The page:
The Guardian reports that the government is loosening requirements that all computers produced in or imported to China must have keyword filtering software installed on their hard drives, following concerns over a host of technical, legal, and other problems:
The Green Dam Youth Escort program, which restricts access to pornography and politically sensitive websites, was due to be compulsorily incorporated in the hard drives of all new machines sold after 1 July, but the state-run media announced today that it would instead be an optional package.
The softening of tone appears designed to head off a wave of criticism about the program, which has brought the government culture of information control into an unusually harsh domestic spotlight.
But it is unlikely to allay suspicions about the developer, Jinhui – a military-backed software firm – and about Green Dam, which tightens government control of the internet at the level of individual computers.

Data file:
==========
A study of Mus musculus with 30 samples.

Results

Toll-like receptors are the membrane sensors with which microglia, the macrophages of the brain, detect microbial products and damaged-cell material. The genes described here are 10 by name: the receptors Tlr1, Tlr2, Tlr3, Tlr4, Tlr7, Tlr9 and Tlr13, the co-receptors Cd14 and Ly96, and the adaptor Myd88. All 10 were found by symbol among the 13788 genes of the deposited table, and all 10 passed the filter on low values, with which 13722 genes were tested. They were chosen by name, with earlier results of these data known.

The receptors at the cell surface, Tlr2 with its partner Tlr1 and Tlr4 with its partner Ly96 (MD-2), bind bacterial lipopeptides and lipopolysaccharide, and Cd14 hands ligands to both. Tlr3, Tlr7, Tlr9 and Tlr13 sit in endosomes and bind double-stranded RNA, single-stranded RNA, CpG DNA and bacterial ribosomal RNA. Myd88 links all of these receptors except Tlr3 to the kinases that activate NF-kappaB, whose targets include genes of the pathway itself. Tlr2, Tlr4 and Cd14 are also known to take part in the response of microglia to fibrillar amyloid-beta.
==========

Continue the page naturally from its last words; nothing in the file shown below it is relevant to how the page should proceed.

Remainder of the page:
Secret documents published online and investigations by hackers have revealed an embedded blacklist of politically sensitive words in the program, a hole in the system that potentially allows remote users to take control of an individual's computer and a defective pornography algorithm.
According to a report in the Wall Street Journal, a group of 19 trade organizations representing tech companies wrote a letter to the Chinese government, stating that the plan for the Green Dam software, "raises significant questions of security, privacy, system reliability, the free flow of information and user choice."